Prime Minister Boris Johnson has completed his Cabinet reshuffle. For payroll professionals, it is important to note that, just 4 weeks ahead of the 11 March 2020 Budget, Sajid Javid resigned as Chancellor of the Exchequer, replaced by Rishi Sunak.
A change of jobholder for the second most important job in Government, this is a major departure considering that Mr Javid was supposed to have one of the most secure jobs in the Cabinet.
On the Chancellor’s plate at the moment is not only the Budget but also the Spending Review. Plus, the role is pivotal in negotiations with the EU regarding the ongoing access of UK finance.
Who is Rishi Sunak?
It is important to have some basic details about a man who is going to be pivotal in the next few weeks. His own Website might be a place to visit, although:
- Mr Sunak has been the MP for Richmond in Yorkshire since 2015
- He campaigned for ‘Leave’ in the 2016 referendum and supported each of former Prime Minister Theresa May’s attempts at a Withdrawal Bill
- He was previously Chief Secretary to the Treasury (since 24 July 2019) and, as such, was the only non-Cabinet minister that was allowed to attend Cabinet meetings
- Prior to that, Mr Sunak was parliamentary under-secretary for housing, communities and local government (in the Ministry of Housing, Communities and Local Government)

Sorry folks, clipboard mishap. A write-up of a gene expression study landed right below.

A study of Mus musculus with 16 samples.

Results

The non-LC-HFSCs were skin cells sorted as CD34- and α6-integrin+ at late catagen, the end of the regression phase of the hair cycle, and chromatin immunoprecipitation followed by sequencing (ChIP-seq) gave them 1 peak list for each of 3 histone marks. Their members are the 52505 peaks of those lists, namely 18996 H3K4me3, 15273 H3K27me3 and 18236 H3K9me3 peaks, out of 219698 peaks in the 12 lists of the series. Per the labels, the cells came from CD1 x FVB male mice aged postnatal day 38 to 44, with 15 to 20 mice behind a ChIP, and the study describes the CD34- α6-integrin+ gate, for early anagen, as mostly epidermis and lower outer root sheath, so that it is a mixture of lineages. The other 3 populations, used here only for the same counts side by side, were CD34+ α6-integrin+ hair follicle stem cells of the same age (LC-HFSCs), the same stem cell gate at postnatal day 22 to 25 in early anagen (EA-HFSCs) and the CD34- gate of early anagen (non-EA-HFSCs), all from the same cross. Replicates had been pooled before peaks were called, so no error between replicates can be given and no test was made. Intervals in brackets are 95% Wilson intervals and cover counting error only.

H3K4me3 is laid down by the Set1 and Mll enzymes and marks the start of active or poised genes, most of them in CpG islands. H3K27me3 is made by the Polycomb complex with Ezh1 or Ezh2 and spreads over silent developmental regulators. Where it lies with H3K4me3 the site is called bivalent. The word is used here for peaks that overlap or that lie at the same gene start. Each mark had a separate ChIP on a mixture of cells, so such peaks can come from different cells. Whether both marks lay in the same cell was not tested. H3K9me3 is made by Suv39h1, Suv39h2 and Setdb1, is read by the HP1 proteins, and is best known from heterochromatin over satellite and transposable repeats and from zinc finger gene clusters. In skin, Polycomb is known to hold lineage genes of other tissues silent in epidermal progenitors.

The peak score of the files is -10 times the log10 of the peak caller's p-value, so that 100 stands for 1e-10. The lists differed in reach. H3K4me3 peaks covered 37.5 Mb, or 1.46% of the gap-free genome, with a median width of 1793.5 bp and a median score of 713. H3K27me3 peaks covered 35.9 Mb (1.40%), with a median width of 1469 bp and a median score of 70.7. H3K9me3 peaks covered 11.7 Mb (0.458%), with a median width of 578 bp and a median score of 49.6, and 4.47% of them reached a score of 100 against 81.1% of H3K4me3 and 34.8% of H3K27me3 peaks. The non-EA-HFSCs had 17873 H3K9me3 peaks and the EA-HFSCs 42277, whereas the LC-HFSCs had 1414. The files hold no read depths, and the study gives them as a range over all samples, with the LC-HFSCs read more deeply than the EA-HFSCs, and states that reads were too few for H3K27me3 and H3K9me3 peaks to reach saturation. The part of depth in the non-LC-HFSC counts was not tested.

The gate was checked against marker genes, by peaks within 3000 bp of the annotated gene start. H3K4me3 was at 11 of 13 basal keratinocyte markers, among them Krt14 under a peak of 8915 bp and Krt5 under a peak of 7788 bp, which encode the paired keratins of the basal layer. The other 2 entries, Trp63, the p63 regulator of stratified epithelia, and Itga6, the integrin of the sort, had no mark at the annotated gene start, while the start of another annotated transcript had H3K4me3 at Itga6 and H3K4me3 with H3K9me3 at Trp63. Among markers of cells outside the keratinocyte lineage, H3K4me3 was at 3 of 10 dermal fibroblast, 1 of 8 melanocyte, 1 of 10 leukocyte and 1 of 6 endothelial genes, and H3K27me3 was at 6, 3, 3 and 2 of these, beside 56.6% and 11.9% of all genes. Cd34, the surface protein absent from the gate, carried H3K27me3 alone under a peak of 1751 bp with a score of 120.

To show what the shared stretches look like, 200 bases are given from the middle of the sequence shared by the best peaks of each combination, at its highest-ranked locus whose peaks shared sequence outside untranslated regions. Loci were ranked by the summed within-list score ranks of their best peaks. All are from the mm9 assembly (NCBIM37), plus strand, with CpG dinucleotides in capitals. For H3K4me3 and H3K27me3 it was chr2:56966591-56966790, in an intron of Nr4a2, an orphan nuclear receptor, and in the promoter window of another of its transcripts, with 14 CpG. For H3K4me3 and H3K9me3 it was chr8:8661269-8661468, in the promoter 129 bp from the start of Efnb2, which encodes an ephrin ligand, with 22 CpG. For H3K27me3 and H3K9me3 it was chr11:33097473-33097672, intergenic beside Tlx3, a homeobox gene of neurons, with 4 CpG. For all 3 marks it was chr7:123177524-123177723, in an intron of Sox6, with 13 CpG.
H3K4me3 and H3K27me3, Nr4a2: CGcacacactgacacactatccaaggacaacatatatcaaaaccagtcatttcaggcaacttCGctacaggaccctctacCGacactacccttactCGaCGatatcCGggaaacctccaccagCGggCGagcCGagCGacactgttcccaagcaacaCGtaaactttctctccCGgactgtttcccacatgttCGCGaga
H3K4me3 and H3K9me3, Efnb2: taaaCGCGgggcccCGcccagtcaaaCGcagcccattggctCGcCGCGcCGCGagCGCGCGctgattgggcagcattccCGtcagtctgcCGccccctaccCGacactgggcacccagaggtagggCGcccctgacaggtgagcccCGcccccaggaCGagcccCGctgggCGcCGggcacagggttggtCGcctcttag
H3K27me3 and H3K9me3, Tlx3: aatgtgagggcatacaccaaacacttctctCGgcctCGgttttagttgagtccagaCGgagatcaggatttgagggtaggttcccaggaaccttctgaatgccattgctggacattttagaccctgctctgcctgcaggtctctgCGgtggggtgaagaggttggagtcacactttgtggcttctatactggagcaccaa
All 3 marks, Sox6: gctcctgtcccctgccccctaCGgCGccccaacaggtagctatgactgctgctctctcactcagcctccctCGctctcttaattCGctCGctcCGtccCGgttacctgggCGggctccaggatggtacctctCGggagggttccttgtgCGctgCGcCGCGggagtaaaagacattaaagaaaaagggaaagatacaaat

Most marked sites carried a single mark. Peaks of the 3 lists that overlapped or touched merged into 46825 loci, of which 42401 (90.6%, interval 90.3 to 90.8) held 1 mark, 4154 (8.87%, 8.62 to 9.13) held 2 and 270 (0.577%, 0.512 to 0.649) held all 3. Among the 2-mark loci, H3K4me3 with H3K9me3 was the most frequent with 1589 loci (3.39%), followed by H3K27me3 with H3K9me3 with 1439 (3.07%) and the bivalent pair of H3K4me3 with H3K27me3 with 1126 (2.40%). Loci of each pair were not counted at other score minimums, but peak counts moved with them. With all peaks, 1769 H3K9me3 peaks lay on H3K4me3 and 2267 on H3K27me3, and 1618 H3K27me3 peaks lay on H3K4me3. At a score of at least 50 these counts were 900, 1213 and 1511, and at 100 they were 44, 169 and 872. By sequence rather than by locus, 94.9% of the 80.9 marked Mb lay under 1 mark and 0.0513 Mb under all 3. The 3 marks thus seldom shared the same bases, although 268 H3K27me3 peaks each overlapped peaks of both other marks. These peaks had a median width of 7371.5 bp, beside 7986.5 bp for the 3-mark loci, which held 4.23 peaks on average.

- Prior to the world of politics, Mr Sunak was a businessman with a financial leaning
Whilst Downing Street remain silent on this at the time of writing, all they will say is that ‘preparations have been carried out and will continue at pace’. Let’s hope not. In his role as Chief Secretary to the Treasury, Mr Sunak will have been heavily involved, though you suspect that there will be some re-writes.
However, for the sake of completeness, here is a list of the departing main Ministers and their replacements:
|Chancellor of the Exchequer||Sajid Javid||Rishi Sunak||Resigned|
|Chief Secretary to the Treasury||Rishi Sunak||Stephen Barclay||Promoted|
|Secretary of State for Northern Ireland||Julian Smith||Brandon Lewis||Sacked|
|Lord President of the Privy Council, Leader of the House of Commons||Andrea Leadsom||Alok Sharma||Sacked|
|Secretary of State for International Development||Alok Sharma||Anne-Marie Trevelyan||Promoted|
|Attorney General||Geoffrey Cox||Suella Braverman||Sacked|
|Secretary of State for Environment, Food and Rural Affairs||Theresa Villiers||George Eustice||Sacked|
|Secretary of State for Digital Culture, Media and Sport||Nicky Morgan||Oliver Dowden CBE||Stood down|
There were also sackings for the following ministers:
- Esther McVey – housing minister
- Chris Skidmore – universities minister
- Nusrat Ghani – transport minister
- George Freeman – transport minister
- Andrew Murrison – Middle East and North Africa minister
Former Northern Ireland Secretary James Brokenshire returns to government to take the role at the Home Office left by Brandon Lewis.
The full list of who is in and who is out is on Gov.UK.
It is also worthwhile noting that the special advisers (‘spads’) from No 10 and No 11 Downing Street have merged to jointly advise both the Prime Minister and the Chancellor. These are all ultimately accountable to the Prime Minister, something that the previous Chancellor was not happy about at all. His resignation letter contained the pointed comment ‘it is important as leaders to have trusted teams that reflect the character and integrity that you would wish to be associated with’.